According to the Financial Times, the NHS is about to face its largest challenge in a generation. The coronavirus pandemic is an unprecedented situation, and has led governments all around the world to ask the public to do their bit to support the healthcare industry.
Arguably the NHS was already stretched and so the government is looking to quickly implement changes to help support our health service during this time. In preparation for the situation ahead, 65,000 former doctors and nurses are being asked to return to the medical front line. Additionally, many manufacturing companies – Nissan and Smiths group included, have been working on plans to quickly produce ventilator machines in a national effort to tackle the crisis.
While helping with these actions may seem beyond our control, there are smaller steps that can be taken to help ease the pressure on our health service, one of which is the NHS cancelling non-urgent appointments. This is being done with the utmost care and consideration for patients, but it works in two key ways. Firstly it frees up time and space for urgent cases to be seen and secondly, it ensures that as few people as possible are visiting highly populated venues such as medical practices.
SMS communications are almost immediate
There may be some cases where appointments need to be cancelled relatively last minute, and this is where SMS can really help. While an email or missed call may go unnoticed for hours, or even days, 90% of all text messages are read within 3 minutes. Considering individuals pick up their phone, an average of 58 times a day, this is not surprising, but it does mean appointment updates sent via this channel are almost guaranteed to be received immediately.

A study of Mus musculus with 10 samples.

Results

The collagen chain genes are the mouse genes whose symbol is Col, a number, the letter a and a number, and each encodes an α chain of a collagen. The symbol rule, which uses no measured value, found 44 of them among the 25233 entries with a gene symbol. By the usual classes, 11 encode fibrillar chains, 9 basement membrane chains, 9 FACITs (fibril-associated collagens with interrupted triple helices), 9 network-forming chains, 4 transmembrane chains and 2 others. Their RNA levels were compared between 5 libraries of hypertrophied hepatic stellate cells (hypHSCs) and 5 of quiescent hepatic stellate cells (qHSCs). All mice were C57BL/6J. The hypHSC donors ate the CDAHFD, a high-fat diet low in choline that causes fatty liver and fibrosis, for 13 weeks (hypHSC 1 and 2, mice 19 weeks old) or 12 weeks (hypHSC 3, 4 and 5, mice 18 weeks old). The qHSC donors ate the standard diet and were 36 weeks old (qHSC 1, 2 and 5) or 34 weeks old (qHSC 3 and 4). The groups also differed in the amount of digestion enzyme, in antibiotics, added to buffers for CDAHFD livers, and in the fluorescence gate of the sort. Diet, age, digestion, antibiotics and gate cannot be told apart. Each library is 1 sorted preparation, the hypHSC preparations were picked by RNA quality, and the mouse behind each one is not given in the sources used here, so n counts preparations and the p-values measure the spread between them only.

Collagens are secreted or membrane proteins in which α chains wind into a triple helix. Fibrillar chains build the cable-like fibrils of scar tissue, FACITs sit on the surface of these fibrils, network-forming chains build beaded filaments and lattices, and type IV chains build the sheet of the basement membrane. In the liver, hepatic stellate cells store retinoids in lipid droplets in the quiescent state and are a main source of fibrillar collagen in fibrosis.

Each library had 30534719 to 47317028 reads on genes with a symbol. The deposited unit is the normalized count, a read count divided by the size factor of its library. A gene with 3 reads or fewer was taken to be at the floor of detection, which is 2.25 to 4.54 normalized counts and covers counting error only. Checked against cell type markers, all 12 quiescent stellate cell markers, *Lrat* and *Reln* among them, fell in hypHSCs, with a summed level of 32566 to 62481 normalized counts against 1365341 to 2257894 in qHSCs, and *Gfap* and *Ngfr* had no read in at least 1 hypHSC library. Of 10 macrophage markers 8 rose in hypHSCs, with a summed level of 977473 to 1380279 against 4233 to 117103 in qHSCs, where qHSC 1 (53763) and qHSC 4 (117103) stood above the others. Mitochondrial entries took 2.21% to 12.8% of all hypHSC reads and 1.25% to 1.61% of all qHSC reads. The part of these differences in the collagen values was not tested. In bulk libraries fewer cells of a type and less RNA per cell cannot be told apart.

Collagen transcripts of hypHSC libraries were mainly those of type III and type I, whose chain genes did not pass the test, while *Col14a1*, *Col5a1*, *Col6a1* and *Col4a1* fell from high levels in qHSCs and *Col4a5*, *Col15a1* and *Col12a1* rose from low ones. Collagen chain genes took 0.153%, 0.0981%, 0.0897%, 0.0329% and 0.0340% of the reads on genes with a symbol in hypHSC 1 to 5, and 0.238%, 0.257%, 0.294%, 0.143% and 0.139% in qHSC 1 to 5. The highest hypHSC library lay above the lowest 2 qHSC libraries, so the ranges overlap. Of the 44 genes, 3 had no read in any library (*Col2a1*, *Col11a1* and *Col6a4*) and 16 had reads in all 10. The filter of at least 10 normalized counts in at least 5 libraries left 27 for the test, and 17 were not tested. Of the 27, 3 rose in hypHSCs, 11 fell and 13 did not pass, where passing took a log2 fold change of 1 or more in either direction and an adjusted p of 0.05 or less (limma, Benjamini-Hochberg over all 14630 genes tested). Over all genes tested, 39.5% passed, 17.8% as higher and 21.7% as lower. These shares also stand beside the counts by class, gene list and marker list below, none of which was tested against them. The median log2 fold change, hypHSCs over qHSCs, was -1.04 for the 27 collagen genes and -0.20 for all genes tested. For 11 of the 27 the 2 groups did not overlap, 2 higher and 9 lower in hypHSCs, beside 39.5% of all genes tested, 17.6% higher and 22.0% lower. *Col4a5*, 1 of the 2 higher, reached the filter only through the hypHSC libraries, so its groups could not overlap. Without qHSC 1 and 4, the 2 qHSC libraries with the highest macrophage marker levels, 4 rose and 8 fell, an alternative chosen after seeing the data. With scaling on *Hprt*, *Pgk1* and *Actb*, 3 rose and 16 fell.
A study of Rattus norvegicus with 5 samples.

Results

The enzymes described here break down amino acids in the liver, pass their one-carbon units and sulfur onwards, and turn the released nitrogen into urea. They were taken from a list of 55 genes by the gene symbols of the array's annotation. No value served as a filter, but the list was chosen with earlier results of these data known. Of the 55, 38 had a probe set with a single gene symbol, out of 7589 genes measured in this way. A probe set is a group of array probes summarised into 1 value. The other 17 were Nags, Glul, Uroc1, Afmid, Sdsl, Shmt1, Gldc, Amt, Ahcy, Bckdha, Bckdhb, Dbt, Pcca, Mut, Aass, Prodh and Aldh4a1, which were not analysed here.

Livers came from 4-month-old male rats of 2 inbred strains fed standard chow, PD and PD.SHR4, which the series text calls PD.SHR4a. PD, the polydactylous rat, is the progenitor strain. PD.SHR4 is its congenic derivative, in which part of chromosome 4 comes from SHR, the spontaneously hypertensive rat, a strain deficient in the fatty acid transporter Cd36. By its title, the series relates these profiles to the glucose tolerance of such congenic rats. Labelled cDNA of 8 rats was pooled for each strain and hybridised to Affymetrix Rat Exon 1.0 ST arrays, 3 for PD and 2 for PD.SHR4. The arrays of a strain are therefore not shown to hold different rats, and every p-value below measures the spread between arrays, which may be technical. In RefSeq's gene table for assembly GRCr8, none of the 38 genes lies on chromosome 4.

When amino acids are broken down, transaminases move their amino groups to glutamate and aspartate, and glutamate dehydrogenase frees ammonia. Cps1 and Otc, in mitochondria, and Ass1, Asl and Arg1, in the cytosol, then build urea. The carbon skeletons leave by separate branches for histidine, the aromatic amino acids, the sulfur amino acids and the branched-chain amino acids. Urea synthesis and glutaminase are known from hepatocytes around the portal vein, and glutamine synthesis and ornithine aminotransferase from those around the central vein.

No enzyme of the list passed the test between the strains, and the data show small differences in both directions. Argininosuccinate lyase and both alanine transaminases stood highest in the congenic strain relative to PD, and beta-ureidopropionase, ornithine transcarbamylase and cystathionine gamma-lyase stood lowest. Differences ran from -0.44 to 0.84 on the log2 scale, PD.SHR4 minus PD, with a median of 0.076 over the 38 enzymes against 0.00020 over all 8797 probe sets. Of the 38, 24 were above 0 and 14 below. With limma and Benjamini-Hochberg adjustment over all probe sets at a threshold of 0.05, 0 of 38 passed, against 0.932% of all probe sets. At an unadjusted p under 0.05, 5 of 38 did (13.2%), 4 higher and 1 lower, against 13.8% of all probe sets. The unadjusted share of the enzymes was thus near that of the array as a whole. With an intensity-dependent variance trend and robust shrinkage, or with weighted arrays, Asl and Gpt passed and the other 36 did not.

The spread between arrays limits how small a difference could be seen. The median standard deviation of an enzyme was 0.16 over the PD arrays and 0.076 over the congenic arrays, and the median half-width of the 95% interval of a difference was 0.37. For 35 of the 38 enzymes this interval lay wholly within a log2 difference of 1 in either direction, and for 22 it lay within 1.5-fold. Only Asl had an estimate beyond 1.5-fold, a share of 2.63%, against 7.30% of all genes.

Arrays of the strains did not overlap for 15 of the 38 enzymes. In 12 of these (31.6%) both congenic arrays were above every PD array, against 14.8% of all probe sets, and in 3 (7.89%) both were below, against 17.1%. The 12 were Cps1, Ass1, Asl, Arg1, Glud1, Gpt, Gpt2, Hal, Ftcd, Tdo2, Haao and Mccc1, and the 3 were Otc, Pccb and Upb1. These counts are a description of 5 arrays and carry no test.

SMS is wide-reaching
According to Statista, approximately 95% of all households within the UK own a mobile phone, which is even more impressive when you consider that only 79% have a landline. Furthermore, as 95% of all SMS are read by recipients, healthcare providers can be confident that their message has been received.
At present, this is most frequently used by healthcare providers to send time-critical information. An example includes identifying whether a patient should attend a pre-booked appointment, by understanding whether they have started to develop a range of symptoms, such as a persistent cough or high temperature. Furthermore, by using two-way SMS, patients are able to quickly and easily reply to their medical practice and alert them if they need to cancel or amend their appointment due to the development of these symptoms.
Individuals are already familiar with SMS
Last year, it was reported that missed appointments cost the NHS £216 million. However, in practices where SMS has been implemented, sending recipients a simple text message to remind them of their appointment, reduced the number of no-shows by 50%. With this in mind, it makes sense to communicate appointment cancellations via a channel people already respond well too and are familiar with. By adding an option with your SMS message for individuals to cancel or call to reschedule, healthcare practices can ensure they are being as efficient with their time as possible and reducing the risk of other patients becoming infected.
In addition to sending text messages to notify recipients of appointment cancellations, healthcare practices can send individuals contact details for those wanting further information or even basic advice. For instance, you could remind individuals to make urgent appointments over the phone rather than in-person, to keep personal contact to a minimum.